Administrators of qualified retirement plans must recognize the same-sex spouses of legally married participants as of June 26, 2013, under guidance issued by the IRS but will not be required to amend their plans to retroactively recognize participants’ legal same-sex marriages before that date (Notice 2014-19).
The Supreme Court, in Windsor, 133 S. Ct. 2675 (U.S. 2013), held that Section 3 of the Defense of Marriage Act (DOMA), P.L. 104-199, is unconstitutional, and in August 2013 the IRS announced that same-sex couples who are legally married in jurisdictions that recognize their marriages will thus be treated as married for federal tax purposes, regardless of whether the jurisdiction they live in recognizes same-sex marriages (Rev. Rul. 2013-17).
In Notice 2014-19, which is organized as a series of questions and answers, the IRS says that as a result of the Windsor decision, “any retirement plan qualification rule that applies because a participant is married must be applied with respect to a participant who is married to an individual of the same sex.” For example, if a plan is subject to Sec. 401(a)(11), a plan participant in a same-sex marriage cannot waive a qualified joint and survivor annuity without obtaining his or her spouse’s consent.
The notice says that plans must treat same-sex marriages as valid as of June 26, 2013, the date of the Windsor decision, and will not be treated as failing to meet the requirements of Sec. 401(a) merely because they did not recognize the same-sex spouses of participants before that date. Between June 26 and Sept. 16, 2013 (the date of Rev. Rul. 2013-17), plans are allowed to recognize only same-sex marriages of participants who are domiciled in a state that recognizes same-sex marriage. Starting Sept. 16, 2013, they must recognize valid same-sex marriages regardless of whether the participant’s state of domicile recognizes the marriage.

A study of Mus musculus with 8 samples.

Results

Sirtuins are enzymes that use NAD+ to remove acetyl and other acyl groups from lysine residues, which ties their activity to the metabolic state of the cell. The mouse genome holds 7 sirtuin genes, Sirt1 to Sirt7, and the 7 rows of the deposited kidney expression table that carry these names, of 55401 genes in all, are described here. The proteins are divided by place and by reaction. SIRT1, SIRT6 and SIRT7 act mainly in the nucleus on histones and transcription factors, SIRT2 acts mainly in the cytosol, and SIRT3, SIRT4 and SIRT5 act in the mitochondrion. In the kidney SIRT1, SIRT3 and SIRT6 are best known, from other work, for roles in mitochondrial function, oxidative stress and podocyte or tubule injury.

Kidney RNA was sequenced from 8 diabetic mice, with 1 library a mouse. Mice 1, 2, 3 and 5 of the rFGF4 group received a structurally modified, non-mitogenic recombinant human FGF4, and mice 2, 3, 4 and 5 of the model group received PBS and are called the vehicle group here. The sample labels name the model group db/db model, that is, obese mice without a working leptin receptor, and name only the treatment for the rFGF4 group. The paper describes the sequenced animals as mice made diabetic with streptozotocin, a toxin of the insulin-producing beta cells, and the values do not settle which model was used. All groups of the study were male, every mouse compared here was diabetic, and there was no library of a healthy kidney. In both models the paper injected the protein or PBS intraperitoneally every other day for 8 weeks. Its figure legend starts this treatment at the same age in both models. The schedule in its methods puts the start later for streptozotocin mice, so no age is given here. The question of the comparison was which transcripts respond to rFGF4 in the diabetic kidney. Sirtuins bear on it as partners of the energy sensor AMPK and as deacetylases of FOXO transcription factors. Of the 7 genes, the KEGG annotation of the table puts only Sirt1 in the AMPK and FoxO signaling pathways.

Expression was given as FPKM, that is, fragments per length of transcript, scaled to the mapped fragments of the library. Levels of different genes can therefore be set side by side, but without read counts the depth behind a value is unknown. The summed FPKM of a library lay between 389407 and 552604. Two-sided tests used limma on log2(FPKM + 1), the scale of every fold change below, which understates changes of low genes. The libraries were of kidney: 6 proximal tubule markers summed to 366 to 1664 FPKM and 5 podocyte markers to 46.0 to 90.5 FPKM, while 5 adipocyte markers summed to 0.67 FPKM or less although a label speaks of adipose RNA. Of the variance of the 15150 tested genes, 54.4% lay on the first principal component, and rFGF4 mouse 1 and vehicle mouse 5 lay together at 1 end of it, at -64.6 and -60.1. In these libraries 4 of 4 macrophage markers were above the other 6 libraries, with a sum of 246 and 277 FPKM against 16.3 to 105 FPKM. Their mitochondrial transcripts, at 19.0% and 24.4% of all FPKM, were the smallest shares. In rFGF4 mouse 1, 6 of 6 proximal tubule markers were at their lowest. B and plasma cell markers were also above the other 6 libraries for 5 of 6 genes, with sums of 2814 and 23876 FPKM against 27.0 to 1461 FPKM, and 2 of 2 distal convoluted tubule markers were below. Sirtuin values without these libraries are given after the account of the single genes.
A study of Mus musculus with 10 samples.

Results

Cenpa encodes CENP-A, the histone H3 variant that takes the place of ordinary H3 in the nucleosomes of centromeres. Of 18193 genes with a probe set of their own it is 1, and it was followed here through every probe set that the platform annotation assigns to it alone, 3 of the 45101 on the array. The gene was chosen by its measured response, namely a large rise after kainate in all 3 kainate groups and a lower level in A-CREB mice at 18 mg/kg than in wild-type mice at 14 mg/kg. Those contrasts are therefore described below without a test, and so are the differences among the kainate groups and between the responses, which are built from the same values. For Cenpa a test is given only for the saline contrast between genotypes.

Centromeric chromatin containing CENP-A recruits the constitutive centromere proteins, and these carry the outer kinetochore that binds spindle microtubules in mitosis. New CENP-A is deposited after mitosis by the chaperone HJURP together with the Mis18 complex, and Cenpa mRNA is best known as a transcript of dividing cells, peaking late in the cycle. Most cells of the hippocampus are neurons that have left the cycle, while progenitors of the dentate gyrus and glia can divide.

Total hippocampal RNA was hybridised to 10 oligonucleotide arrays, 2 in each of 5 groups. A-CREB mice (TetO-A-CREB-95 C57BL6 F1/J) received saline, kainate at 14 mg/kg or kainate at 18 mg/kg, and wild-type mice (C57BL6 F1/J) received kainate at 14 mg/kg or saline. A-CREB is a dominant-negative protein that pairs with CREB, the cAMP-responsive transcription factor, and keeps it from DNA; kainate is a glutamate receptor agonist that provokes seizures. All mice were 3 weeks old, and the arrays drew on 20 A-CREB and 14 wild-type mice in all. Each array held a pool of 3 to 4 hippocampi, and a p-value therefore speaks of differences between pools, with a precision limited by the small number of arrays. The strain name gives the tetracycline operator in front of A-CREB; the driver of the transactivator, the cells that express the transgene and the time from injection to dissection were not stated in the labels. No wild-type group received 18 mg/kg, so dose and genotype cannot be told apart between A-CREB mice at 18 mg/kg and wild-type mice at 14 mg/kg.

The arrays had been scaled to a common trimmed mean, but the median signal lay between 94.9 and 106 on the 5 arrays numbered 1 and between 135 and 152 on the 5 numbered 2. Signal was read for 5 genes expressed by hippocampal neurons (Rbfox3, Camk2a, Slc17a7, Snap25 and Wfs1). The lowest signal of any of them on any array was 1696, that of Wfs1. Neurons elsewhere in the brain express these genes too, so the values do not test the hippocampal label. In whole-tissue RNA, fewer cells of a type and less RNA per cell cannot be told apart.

Under the notice, qualified plans can be amended to reflect the outcome of Windsor for dates prior to June 26, 2013; however, the IRS warns that this may trigger requirements, such as the ownership attribution rules, that are hard to implement retroactively. There may also be other unintended consequences. If a plan is amended to retroactively reflect Windsor, it must specify the date as of which it will reflect Windsor.
The IRS will allow plans to be amended retroactively for specific purposes if they do not affect the plan’s qualified status. For example, a plan sponsor may amend the plan to reflect Windsor only with respect to the Sec. 401(a)(11) qualified joint and survivor annuity and qualified preretirement annuity requirements.
Some plans will have to be amended to reflect Windsor, depending on the terms of the plan. For example, any plan that defines a marital relationship by reference to Section 3 of DOMA or has terms that are otherwise inconsistent with Windsor or Rev. Rul. 2013-17 will have to be amended. Plan amendments must be made by the later of the plan’s otherwise applicable deadline under Rev. Proc. 2007-44, Section 5.05, or Dec. 31, 2014.
Alistair M. Nevius (
) is the JofA’s editor-in-chief, tax.